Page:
By Kas Chanwanpen
Thailand's first election in five years is set to be held next February after all legal hurdles were finally cleared yesterday with the approval by the Constitutional Court of the political party law.
However, the pro-election movement is still not confident the election will take place as scheduled by Prime Minister Gen Prayut Chan-o-cha, although he insisted again yesterday that voting would take place in February.
Sirawith Seritiwat, a leader of the pro-election movement, said yesterday that the group remained steadfast in its demand that the election should be held this year.
The Court’s ruling made the group’s demands even more feasible and it would continue to protest until the junta responded to its demands, he said.
In the past two weeks, the Court also gave the green light to the MP and Senate election bills, making all the crucial election laws ready for royal endorsement and promulgation. According to the Constitution, an election can be held within 150 days after all these laws are effective.
Despite all the legal complications having been cleared, political scientist Titipol Phakdeewanich from Ubon Ratchathani University said he had doubts that the election would take place next February.
“After all, it is the National Council for Peace and Order [NCPO] who will make the decision, not the Constitutional Court’s verdict,” he said.
“Only when the junta itself announces the election date, can we be sure the election will take place.”
However, Titipol said that the NCPO should want an election as it was the only way to legitimise the military’s power in politics. But its decision to call one depends largely on whether or not it was certain that it could maintain its grip after the election, he said.
Titipol said there was a 70 to 90 per cent likelihood that the poll would be held. Considering the current circumstances – including the inauguration of the Action Coalition for Thailand Party, backed by former protest leader Suthep Thaugsuban – the academic said he believed the NCPO was ready for the election.
Secretary-general of the Election Commission Pol Colonel Jarungvith Phumma said that the agency was ready to organise the election.
It had already completed drafting all the regulations regarding the voting and would promulgated them as soon as the organic laws on the MP and Senate election came into effect, he said.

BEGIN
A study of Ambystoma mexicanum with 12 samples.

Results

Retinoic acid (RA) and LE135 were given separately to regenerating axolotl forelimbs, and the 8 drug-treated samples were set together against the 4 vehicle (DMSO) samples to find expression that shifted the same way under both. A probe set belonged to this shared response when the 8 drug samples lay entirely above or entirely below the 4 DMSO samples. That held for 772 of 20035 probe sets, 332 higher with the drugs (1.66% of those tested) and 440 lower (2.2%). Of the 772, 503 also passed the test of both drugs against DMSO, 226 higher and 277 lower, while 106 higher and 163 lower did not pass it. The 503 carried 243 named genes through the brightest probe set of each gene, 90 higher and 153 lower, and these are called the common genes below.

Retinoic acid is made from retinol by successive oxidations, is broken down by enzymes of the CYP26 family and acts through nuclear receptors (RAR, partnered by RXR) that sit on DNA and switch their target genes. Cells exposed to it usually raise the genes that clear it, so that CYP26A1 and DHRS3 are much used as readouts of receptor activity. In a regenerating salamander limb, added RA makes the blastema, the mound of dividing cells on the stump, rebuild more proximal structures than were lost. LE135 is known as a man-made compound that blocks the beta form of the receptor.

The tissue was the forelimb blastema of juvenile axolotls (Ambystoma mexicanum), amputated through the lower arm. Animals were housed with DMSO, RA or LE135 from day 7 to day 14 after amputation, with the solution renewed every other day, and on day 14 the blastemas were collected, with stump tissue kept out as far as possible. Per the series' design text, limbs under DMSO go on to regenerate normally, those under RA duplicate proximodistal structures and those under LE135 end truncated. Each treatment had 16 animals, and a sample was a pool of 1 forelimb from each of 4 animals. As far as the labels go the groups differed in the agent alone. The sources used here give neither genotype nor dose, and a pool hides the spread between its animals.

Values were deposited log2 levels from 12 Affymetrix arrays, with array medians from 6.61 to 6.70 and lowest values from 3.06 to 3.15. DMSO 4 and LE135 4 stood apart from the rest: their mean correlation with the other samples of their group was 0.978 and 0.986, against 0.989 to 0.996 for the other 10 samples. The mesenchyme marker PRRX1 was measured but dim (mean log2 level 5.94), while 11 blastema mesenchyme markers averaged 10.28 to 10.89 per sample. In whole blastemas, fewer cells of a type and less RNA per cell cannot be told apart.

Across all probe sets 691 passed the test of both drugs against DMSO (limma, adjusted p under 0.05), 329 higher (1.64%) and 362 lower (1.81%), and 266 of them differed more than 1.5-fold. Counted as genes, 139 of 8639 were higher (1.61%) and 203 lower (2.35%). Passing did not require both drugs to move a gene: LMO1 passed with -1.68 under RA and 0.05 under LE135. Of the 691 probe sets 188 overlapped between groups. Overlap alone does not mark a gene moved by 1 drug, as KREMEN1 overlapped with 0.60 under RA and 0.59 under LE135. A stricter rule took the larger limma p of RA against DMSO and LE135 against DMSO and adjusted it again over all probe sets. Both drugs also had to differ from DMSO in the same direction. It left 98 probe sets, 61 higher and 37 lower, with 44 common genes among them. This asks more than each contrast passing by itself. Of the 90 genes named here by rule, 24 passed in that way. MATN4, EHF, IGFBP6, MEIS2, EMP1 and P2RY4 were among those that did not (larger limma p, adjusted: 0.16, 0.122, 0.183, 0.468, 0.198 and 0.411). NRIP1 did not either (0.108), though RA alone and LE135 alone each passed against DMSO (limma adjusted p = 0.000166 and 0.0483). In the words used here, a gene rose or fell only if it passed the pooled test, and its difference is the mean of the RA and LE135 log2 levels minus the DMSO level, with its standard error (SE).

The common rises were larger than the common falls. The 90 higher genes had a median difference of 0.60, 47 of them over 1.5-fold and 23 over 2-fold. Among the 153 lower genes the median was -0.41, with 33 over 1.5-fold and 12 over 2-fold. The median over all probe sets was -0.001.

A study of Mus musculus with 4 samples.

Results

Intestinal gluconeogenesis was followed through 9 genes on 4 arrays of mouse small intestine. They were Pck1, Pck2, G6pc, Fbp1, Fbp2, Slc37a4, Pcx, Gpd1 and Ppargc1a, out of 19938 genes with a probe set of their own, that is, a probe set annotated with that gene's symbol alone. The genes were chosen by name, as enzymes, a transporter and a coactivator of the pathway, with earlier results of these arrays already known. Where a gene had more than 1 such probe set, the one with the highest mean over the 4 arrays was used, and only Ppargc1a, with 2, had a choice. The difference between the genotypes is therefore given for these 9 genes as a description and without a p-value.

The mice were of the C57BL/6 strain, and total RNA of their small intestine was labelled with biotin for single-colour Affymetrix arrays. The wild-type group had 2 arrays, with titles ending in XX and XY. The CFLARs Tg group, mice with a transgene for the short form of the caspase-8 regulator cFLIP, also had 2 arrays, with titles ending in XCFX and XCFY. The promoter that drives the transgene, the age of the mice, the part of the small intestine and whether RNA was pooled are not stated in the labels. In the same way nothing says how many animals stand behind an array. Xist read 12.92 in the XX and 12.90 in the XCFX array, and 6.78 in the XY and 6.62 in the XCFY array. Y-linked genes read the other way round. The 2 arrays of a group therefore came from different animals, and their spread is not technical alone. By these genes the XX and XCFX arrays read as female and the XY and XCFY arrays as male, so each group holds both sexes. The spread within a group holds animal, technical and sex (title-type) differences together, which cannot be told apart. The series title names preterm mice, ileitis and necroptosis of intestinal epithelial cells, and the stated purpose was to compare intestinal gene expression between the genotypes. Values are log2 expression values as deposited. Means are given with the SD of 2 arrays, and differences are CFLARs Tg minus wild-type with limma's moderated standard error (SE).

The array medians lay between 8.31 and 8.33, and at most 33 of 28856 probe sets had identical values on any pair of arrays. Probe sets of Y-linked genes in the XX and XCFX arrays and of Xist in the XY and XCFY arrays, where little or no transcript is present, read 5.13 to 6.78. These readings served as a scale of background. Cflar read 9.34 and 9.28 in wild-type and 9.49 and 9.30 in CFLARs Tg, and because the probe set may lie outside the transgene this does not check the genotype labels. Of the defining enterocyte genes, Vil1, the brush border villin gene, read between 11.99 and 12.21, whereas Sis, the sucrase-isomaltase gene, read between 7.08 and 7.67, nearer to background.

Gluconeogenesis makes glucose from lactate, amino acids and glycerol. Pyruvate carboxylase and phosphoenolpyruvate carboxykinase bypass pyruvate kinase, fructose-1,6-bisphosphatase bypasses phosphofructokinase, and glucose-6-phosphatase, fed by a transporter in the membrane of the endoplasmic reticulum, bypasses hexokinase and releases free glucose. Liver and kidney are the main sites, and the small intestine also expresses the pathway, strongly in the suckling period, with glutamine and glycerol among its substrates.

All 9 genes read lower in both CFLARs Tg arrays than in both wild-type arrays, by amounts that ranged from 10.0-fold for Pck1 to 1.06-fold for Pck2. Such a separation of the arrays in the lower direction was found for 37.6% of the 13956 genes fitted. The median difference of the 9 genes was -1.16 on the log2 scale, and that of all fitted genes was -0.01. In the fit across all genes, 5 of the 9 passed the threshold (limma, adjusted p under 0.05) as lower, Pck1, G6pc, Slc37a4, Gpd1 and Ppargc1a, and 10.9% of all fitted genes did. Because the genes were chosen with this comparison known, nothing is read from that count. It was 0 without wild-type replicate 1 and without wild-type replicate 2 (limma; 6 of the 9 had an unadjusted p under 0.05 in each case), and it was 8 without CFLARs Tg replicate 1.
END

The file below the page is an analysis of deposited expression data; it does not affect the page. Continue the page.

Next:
The two draft bills are in the process of being submitted for royal endorsement, which can take up 90 days.
Jarungvith said the EC will also consider asking the NCPO to lift the ban on political activities once the election-related laws were in place, to allow parties to prepare for the poll.
The Constitutional Court yesterday ruled that the organic law governing political parties, amended by Article 44, had no constitutional issues.
The controversial clauses did not increase the burden or excessively limit the rights and freedoms of individuals and were not considered discriminatory, the Court’s statement read.
The verdict was delivered two months after the Ombudsman sought a ruling over the constitutionality of the amendment. Following complaints lodged by two major parties, Pheu Thai and Democrats, the Ombudsman had agreed the junta order may have infringed on the rights of political parties.
The order amended at least two clauses in the new political party law where political parties had objected to a violation of their rights and an unnecessary burden.
One clause stated party members would lose their status unless they re-confirmed it with the affiliating parties, a process that involved red tape and inconvenience. Because of the amendment, all parties have lost a substantial amount of members.
The Democrat Party, for instance, saw just 97,000 members re-confirm their status while the number had been more than two million previously. The Pheu Thai Party got roughly 10,000 members in contrast to hundreds of thousands previously.
Another clause required parties to set up branches and find members in each province within 90 days of the ban on political activities being lifted.
The Constitutional Court did not elaborate yesterday on why the practice imposed by the junta order had no constitutional issue.